Five Harvardians win MacArthur Fellowships
Historian Imani Perry wins for her scholarship on black Americans’ resistance to racism
Historian and writer Imani Perry is among five Harvardians named among the 2023 MacArthur fellows, announced today. The fellowship recognizes individuals across disciplines who have “shown extraordinary originality and dedication in their creative pursuits and a marked capacity for self-direction.” Each of the approximately two-dozen fellows is awarded $800,000, paid out over five years. The funds are a no-strings-attached investment in the promise of the fellows’ work.
Perry, the Morss professor of studies of women, gender, and sexuality and of African and African American studies, focuses her scholarship on the history of black American thinkers and artists—often black women—who have resisted oppression and racial injustice. Her 2022 book, South to America: A Journey Below the Mason-Dixon to Understand the Soul of a Nation, won the National Book Award for Nonfiction. Part travelogue, part memoir, and part historical research, it “thinks through the central role the South plays in American culture,” according to the MacArthur committee announcement. “For Perry, ‘the South’ is both a geography and a psychology, a duality that resonates with her own biregional upbringing.” Her work, the committee added, “illuminates rich, dynamic, and often overlooked facets of historical and contemporary culture.”
Perry is also the co-founder, with professor of education Jarvis Givens, of the Black Teacher Archive, which was unveiled to the public yesterday. Housed at Harvard Library, the collection brings together materials from across the United States related to African American educators, many of them working in segregated Southern schools during the twentieth century. Perry earned her Ph.D. in American Studies and J.D. from Harvard; she earned her bachelor’s degree from Princeton, where until earlier this year she was a professor of African American studies.
The other Harvard affiliates named as MacArthur fellows include:
Cellular and molecular biologist Jason Buenrostro, an associate professor of stem cell and regenerative biology and a member of the Broad Institute of MIT and Harvard. His research focuses on the mechanisms that regulate gene expression, and he has developed new technologies that allow scientists to see in greater detail how and when genes are “turned on.” Among those technologies is a DNA sequencing method called slide-DNA-seq, which identifies the spatial location of genetic mutations; in cancer research, it helps scientists understand the disease’s evolutionary pathways and identify potential treatments.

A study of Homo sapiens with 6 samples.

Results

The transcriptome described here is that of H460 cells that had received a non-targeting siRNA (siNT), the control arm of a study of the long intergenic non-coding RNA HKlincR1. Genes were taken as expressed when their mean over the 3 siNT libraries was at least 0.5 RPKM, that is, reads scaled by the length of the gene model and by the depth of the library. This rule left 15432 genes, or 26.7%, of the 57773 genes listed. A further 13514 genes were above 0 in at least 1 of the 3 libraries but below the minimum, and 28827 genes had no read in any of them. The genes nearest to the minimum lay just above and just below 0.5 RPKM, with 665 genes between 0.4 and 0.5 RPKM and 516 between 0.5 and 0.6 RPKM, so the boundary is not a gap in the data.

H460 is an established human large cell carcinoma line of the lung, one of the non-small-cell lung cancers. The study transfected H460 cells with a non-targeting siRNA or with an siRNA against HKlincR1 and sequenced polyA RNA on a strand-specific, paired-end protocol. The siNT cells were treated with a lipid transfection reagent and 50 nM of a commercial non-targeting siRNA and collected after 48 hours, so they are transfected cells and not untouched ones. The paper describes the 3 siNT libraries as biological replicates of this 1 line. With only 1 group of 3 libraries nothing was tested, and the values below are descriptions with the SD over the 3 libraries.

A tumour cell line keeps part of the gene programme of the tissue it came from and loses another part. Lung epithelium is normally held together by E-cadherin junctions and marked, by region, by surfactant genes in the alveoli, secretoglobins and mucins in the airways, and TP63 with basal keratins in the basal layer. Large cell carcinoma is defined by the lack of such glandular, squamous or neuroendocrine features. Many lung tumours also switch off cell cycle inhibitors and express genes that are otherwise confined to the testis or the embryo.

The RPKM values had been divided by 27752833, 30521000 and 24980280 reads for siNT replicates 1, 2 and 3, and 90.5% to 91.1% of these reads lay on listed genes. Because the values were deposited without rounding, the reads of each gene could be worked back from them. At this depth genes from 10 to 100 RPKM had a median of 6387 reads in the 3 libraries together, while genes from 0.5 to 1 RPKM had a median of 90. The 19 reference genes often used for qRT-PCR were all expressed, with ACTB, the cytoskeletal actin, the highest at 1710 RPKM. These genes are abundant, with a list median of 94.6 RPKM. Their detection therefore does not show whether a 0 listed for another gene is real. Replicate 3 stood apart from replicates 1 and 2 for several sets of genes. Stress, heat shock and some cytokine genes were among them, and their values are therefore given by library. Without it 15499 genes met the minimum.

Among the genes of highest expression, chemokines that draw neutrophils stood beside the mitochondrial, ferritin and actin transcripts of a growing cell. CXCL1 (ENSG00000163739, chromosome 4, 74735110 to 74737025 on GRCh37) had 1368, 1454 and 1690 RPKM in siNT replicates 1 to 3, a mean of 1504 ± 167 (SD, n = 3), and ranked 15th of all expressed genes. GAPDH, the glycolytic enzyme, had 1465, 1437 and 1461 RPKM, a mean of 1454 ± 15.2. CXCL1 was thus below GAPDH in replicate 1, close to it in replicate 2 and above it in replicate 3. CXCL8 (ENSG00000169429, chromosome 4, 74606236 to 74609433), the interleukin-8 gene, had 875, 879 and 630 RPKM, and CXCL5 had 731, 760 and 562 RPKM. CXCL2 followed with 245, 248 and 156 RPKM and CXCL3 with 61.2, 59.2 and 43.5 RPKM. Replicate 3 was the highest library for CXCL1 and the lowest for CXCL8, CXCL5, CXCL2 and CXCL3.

Environmental ecologist Lucy Hutyra, Ph.D. ’07, a professor at Boston University. She studies urbanization’s effect on environmental carbon cycle dynamics, drawing on a range of tools—field observations, remote sensing, spatial analysis, and mathematical modeling—to measure where, when, and how much carbon moves between the atmosphere and the biosphere. This is critical research for determining the effectiveness of carbon emission reduction and climate change mitigation strategies. Hutyra’s findings show that conserving urban forest fragments in growing cities can help mitigate climate change impacts in multiple ways. Helping to translate science into policy, she has sparked collaborations across disciplines, bringing together government and academic researchers. She is also an associate of the Arnold Arboretum and Harvard’s Department of Earth and Planetary Sciences.
Environmental engineer Linsey Marr ’96, a professor at Virginia Tech. Her research focuses on indoor and outdoor air quality and airborne pathogens, clarifying how diseases such as influenza and COVID-19 are transmitted and identifying public health interventions. In experiments using H1N1 flu virus aerosols, Marr and her team revealed the mechanism for how relative humidity affects virus stability, and when the pandemic hit, she was one of the first to argue that COVID-19 spread through aerosol transmission, infecting people both at close range and at long distances in indoor air. Her evidence eventually prompted a paradigm shift in the understanding of the virus.
Fiction writer Manuel Muñoz ’94, an English professor at the University of Arizona. Detailing the lives of people from the Mexican American communities of California’s Central Valley, he writes short stories that draw on his own upbringing in a Chicano family of farmworkers. The MacArthur committee described how his “nuanced depictions of this world are populated by mothers and sons, U.S.-born citizens and immigrants from Mexico, young gay men, and teenage parents.” His 2002 story collection, The Consequences, meditates on racial, gender, and class tensions and, the committee said, “the unrelenting hardships of agricultural labor, and everyday experiences of loneliness and longing…. Through closely observed, small moments, Muñoz captures the specificity of a region readers seldom see and reveals forms of resilience that come from refusing to surrender to misfortune.”